Friday, June 23, 2006

A Review of "The Mind of Bill James"

The Mind of Bill James by Scott Gray, subtitled "How a Complete Outsider Changed Baseball", is a book that cannot decide exactly what it wants to be. Is it a biography of Bill James? Or a summary of his work? Or an attempt to describe what a day in the life of Bill James is like? Or a chronicle of how his work has affected the baseball world? It tries(or at least ends up as) to be all of those things, and therefore does not do a great job of any of them.

As a biography, it probably does about as good of a job as you would want, because while I don’t mean any offense to Mr. James, his life probably would not make for a stirring biography anymore of that of an anonymous scientist at some university--it is their work that is the most interesting thing about them, not biographical minutiae. Personally, I would say the same thing about Thomas Jefferson or other such figures, but somebody apparently likes them. Even so, I don’t think that Bill James would be on the top of the wish lists of biography fans.

As a summary of his work, it is woefully incomplete, as it would probably take a book of this size solely devoted to just that goal in order to be adequate. Gray does include an appendix which summarizes some of his work, but focuses on concepts(e.g. Defensive Spectrum, Law of Competitive Balance, Johsnon Effect) rather then specific applications/formulas(e.g. Runs Created, Win Shares, Component ERA). Of course, to someone who has read most of James’ work, like myself, this is not something that is necessary, and to me the appendix dragged on more then much of the book.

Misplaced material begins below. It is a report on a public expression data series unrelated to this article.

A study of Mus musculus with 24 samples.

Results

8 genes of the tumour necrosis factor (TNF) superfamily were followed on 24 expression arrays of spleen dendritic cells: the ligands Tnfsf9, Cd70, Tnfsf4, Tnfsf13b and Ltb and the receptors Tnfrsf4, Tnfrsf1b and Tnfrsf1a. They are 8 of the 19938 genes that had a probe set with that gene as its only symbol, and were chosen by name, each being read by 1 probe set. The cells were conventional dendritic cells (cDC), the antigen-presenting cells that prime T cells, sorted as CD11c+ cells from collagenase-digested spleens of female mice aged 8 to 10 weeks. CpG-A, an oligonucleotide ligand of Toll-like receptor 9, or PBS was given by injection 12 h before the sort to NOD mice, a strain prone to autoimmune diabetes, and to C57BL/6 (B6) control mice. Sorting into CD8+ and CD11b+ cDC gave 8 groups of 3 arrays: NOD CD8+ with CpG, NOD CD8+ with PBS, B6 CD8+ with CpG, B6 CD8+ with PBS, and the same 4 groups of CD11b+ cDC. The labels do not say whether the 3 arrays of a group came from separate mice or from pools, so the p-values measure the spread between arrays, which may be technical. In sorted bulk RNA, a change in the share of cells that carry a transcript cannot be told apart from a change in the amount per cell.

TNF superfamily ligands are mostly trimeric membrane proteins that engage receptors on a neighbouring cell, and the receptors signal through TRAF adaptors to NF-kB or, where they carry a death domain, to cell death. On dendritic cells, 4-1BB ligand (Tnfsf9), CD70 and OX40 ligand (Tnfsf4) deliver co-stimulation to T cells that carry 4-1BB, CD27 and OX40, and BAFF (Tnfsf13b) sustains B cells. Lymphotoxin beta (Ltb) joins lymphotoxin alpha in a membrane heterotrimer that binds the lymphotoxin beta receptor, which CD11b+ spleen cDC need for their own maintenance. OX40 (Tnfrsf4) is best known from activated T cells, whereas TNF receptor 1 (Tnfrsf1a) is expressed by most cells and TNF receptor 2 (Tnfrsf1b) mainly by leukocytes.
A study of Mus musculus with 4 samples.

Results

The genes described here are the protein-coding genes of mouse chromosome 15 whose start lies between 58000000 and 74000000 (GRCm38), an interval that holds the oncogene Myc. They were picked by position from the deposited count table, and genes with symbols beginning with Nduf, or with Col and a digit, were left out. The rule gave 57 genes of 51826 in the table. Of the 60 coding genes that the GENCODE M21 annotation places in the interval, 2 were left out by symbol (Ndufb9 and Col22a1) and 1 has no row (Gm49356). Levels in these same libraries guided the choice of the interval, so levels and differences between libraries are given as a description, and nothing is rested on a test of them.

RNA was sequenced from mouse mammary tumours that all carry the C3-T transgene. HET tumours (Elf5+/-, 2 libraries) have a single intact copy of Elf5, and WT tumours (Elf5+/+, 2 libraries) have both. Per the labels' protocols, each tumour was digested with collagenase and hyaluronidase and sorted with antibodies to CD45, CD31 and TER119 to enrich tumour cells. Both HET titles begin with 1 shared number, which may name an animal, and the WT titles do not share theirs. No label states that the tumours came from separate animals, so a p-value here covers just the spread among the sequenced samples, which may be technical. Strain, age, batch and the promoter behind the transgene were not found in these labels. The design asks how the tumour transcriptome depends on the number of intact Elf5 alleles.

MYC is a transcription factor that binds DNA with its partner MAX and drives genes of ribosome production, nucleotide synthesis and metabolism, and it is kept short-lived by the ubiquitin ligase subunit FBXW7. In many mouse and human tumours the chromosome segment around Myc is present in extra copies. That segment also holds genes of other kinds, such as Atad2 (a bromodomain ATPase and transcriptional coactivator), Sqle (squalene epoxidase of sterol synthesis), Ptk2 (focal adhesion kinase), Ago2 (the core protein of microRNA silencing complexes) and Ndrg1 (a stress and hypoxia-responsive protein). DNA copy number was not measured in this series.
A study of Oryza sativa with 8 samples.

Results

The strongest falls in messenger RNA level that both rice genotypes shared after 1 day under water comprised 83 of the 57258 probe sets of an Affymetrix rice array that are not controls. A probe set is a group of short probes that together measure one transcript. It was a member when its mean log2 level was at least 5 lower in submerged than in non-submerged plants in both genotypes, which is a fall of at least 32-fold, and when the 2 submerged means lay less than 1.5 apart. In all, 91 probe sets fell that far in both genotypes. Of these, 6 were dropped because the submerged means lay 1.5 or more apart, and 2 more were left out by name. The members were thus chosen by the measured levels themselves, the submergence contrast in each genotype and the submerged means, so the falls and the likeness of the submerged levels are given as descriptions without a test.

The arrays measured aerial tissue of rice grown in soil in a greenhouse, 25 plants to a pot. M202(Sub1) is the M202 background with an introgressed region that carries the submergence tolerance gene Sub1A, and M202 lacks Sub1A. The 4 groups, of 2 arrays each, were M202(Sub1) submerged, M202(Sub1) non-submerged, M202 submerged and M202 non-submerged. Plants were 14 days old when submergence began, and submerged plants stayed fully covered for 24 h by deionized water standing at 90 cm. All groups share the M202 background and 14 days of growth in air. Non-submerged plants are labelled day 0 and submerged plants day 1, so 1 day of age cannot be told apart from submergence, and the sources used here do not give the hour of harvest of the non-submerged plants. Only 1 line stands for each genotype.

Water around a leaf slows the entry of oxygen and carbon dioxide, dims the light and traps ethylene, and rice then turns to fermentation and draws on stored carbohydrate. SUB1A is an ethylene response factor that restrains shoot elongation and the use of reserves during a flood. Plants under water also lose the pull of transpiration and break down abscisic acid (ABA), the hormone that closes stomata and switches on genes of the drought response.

As far as describing how James’ insights have been adopted in baseball, the book discusses his role with the Red Sox, and refers to Moneyball a few times, but again, is not at all close to comprehensive on this front.

One aspect of the book you may or may not find interesting is that Gray reprints some emails and conversations between him and James about non-baseball topics, such as politics and criminality. On one hand, it is interesting to see how James approaches these other topics. On the other hand, I can think Bill James is the greatest baseball mind ever born but think his position on NAFTA is silly. Now the fact that I disagree with his position on NAFTA makes me think no less of his baseball work. But I’m sure there is somebody out there who will be affected in that way, which is why I don’t talk about politics and other such things here (in addition to the fact that I am mildly surprised that anybody cares what I have to say about baseball, and would be truly stunned if anybody cared what I thought about anything else).

I don’t mean to criticize the book too strongly, because I did find it an enjoyable read, with no glaring factual errors or misrepresentations. I have two standards of recommendation for a book--one is that it is great and you will want to read it again and again and you will refer back to it frequently. The second is that you should probably read it as you might find it enjoyable and somewhat informative, but it is not a part of an essential sabermetric library. Under the first standard, this book falls short, but under the second, The Mind of Bill James is a read I would recommend.